The Avondale-Southdown rail corridor is a rather strange aspect of Auckland’s transport system (or possible transport system) in that it has been designated for rail purposes for over 60 years, but has never really got anywhere close to being constructed. It first shows up in the 1946 transport plan for Auckland:
In more recent times the line has been proposed as part of the wider upgrade to Auckland’s rail system that is the preferred option for getting rail to the airport. Last year when the ARC was putting together the background analysis of what major projects should be included in the Regional Land Transport Strategy, the Avondale-Southdown rail line scored quite well in terms of its anticipated patronage. This is shown below: In the final version of the Regional Land Transport Strategy, the railway line is anticipated to be constructed in the 2031-2040 stage of the strategy, although the dates on these later projects are incredibly variable. So while it’s not going to happen any time particularly soon, there will most probably be a day when we eventually construct this line. But, as it doesn’t really go from the CBD to the suburbs like normal railway lines – instead cutting directly across the Auckland isthmus – how could it be made into a line that is useful for passenger rail services? Well I have a couple of service patterns that I could having this line could enable, both of which would be pretty damn useful for Auckland.
The first is shown in the map below, and is effectively a Henderson to Manukau City service, via Auckland Airport. This service pattern is most interesting in that it doesn’t go anywhere near Auckland’s CBD, but as it does pass through Henderson, New Lynn, Onehunga, the Airport and Manukau City Centre I reckon it could be pretty popular: There would be a pretty complicated junction at Onehunga to enable a variety of service patterns, including of course an Airport to CBD train operating via Onehunga and the Southern Line. In terms of this particular line, I think that it’s likely there would be three stations along it (in addition to Onehunga) – most probably near Stoddard Road/Richardson Road intersection, near Dominion Road (a Mt Roskill Station) and near Hillsborough Road (a Hillsborough station).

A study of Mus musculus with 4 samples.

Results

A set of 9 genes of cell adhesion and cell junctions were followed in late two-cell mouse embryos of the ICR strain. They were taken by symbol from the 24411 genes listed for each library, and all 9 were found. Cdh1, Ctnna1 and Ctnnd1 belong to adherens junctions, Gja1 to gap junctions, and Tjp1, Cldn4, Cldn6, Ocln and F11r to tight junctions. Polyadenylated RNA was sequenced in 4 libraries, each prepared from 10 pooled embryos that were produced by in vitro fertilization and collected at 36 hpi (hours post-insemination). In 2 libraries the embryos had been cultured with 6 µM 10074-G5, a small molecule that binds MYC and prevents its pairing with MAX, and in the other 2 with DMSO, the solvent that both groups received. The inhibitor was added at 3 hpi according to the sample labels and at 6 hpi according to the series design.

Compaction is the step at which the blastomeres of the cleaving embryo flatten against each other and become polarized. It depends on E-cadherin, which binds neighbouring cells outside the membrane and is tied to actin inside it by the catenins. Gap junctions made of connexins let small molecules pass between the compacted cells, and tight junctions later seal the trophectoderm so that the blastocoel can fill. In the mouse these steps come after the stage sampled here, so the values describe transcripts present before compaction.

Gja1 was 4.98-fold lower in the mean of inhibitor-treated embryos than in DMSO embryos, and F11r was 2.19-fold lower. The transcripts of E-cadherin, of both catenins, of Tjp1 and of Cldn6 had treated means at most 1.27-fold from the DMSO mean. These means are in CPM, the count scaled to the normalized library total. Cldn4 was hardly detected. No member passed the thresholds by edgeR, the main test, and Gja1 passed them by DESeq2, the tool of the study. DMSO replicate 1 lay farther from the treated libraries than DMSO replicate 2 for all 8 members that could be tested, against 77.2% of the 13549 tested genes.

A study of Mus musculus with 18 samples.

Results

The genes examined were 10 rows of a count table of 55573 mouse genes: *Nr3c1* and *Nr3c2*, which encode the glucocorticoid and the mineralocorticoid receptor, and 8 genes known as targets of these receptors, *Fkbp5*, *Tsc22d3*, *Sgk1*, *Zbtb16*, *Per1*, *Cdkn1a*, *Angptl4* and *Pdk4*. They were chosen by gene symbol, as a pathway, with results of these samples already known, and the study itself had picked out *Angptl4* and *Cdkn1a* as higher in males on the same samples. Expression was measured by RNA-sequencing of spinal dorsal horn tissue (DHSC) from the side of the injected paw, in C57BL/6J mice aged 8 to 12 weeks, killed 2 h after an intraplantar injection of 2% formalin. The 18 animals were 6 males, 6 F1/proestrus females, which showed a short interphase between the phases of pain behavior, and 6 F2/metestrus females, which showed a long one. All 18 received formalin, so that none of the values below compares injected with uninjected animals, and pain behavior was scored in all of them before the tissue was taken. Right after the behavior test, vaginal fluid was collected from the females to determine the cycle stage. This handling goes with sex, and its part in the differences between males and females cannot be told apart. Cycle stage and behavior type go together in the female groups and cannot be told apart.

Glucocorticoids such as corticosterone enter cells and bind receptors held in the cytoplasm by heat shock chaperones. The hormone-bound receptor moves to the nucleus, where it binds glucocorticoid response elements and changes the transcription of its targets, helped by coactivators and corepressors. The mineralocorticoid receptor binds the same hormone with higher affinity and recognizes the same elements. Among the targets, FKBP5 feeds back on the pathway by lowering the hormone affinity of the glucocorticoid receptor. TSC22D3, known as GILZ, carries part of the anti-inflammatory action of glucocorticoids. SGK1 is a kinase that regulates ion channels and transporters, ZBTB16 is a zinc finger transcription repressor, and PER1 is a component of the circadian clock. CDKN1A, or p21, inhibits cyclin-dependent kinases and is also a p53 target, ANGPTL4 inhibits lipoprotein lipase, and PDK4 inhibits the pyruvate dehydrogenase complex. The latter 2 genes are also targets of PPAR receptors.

The second service pattern that you could run along the Avondale-Southdown Line would be a huge isthmus loop, which would incorporate the inner parts of the western and eastern lines. In an ideal world both the western and eastern lines would be four-tracked so that this loop service would stop at all stations while other trains (from further west and east) running along the inner parts of their lines would only have to stop at major stations – saving them significant amounts of time. Having a full isthmus loop would be a great way to tie together the rail system, creating a true network where it was easy to get from anywhere to anywhere along the loop. I think it would help support pretty large-scale intensification at major interchange points along it – helping to reduce our auto-dependency. Here’s a map of where it would go (obviously it assumes the CBD rail tunnel will be built already):
While it seems we’re 20-30 years away from this line being a reality, it’s useful to start thinking about how it might work and what its advantages for passengers might be. In the past I have been a little half-hearted in my support for constructing the line as a priority, and I still do think higher priorities exist elsewhere, but when we do get around to constructing it we will have the opportunity to use the link to help create a true rail network in Auckland. It could be very useful indeed.